Location: Exotic and Invasive Weeds Research
Title: Tamarisk biocontrol in the western United States: ecological and societal implications Authors
|Hultine, Kevin -|
|Belnap, Jayne -|
|Van Riper Iii, Charles -|
|Ehleringer, James -|
|Dennison, Philip -|
|Lee, Martha -|
|Nagler, Pamela -|
|West, Jason -|
Submitted to: Frontiers in Ecology and the Environment
Publication Type: Peer Reviewed Journal
Publication Acceptance Date: August 28, 2009
Publication Date: November 4, 2009
Citation: Hultine, K.R., Belnap, J., Van Riper III, C., Ehleringer, J.R., Dennison, P.E., Lee, M.E., Nagler, P.L., Snyder, K.A., Uselman, S.M., West, J.B. 2010. Tamarisk biocontrol in the western United States: ecological and societal implications. Frontiers in Ecology and the Environment. 8(9):467-474. Interpretive Summary: The control of tamarisk trees and shrubs from rivers, streams, and wetlands in the western United States is now a significant priority among many local, state and federal agencies. Recent releases of the saltcedar leaf beetle have shown considerable promise for controlling tamarisk over large areas, but may also have unintended impacts on highly valued riparian ecosystems. We strongly encourage additional monitoring of ecosystem services to improve efforts for successful remediation of tamarisk-invaded riparian ecosystems. Restoration and future control efforts would benefit from the timely establishment of a comprehensive policy and research framework to address potential impacts of biocontrol beyond tamarisk reduction through collaboration with scientists, land managers, and stakeholders.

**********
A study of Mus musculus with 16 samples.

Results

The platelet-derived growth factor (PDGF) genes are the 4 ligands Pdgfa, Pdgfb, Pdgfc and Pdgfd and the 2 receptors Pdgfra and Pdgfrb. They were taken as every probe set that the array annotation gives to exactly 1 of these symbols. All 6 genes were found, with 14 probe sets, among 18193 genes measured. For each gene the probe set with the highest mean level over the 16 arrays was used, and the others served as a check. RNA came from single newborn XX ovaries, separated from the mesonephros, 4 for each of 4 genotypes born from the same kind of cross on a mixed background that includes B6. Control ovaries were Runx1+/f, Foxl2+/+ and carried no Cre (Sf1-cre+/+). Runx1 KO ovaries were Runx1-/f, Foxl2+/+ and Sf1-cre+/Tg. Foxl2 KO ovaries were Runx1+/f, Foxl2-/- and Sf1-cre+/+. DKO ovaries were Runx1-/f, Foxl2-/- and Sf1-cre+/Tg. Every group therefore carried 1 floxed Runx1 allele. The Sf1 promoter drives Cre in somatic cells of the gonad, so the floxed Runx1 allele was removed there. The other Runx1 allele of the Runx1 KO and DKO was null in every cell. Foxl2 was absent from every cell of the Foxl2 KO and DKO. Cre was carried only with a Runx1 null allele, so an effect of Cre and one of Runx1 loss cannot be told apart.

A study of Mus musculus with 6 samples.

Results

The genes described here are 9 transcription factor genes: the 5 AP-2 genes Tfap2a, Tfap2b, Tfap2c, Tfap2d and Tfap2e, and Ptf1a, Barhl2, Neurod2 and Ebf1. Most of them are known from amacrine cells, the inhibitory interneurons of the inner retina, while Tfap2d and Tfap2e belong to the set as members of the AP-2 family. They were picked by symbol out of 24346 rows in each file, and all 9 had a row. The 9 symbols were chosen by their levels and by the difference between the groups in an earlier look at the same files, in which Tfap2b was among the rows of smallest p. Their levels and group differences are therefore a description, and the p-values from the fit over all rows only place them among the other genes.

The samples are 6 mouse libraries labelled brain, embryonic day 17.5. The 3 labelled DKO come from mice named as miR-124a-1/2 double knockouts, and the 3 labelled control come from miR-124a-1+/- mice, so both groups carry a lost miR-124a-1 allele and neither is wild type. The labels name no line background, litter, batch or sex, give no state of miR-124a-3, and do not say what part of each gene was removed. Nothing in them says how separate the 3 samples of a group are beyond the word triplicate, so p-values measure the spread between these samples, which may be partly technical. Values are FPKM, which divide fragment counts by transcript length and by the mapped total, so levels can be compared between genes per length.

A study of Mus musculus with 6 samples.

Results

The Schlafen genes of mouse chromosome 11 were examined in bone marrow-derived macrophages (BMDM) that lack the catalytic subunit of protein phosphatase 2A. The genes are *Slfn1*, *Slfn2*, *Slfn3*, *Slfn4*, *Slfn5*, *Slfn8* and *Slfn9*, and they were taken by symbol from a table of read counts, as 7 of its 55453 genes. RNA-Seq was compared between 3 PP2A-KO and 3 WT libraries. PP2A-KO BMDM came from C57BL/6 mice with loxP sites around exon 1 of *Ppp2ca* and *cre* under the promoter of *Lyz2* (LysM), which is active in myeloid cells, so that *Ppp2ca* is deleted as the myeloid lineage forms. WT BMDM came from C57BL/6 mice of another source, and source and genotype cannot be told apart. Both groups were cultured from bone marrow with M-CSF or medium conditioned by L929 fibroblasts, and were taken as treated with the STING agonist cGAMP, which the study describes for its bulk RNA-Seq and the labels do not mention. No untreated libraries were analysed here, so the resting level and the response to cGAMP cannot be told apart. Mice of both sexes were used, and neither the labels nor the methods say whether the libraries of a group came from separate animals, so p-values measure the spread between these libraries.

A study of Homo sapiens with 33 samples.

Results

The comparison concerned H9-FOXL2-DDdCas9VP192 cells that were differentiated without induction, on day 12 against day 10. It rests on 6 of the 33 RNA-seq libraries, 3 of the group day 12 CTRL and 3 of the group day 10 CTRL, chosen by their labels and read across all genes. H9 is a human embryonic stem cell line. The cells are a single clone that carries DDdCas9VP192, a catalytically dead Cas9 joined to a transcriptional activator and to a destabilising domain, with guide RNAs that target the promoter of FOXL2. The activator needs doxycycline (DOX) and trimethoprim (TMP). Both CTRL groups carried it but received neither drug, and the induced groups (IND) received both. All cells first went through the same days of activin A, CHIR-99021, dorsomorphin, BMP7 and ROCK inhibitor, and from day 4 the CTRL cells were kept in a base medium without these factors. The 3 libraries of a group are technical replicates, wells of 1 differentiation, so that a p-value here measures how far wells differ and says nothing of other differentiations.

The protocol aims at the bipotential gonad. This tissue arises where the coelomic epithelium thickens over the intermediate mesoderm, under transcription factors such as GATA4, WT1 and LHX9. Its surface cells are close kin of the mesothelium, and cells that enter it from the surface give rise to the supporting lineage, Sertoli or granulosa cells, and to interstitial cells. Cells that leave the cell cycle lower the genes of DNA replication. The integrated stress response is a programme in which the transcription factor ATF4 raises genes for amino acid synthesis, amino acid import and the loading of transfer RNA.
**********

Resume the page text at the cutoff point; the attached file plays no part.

Technical Abstract: Tamarisk (Tamarix) species are among the most successful plant invaders in the western United States. At the same time tamarisk has been cited as having enormous economic costs. Accordingly, local, state and federal agencies have undertaken considerable efforts to eradicate this invasive plant and restore riparian habitats to pre-invasion status. Traditional eradication methods, including herbicide treatments are now considered undesirable because they are costly and often have unintended negative impacts on native species. A new biological control agent, the saltcedar leaf beetle Diorhabda elongata, has been released along many watersheds in the western United States to reduce the extent of tamarisk cover in riparian areas. However, the use of this insect as biological control may have unintended ecological, hydrological, and socio-economic consequences that should be anticipated as restoration efforts are undertaken by land managers and stakeholders. Here, we examine the possible ramifications of tamarisk control and offer recommendations to reduce potential negative impacts on valued riparian systems in the western United States.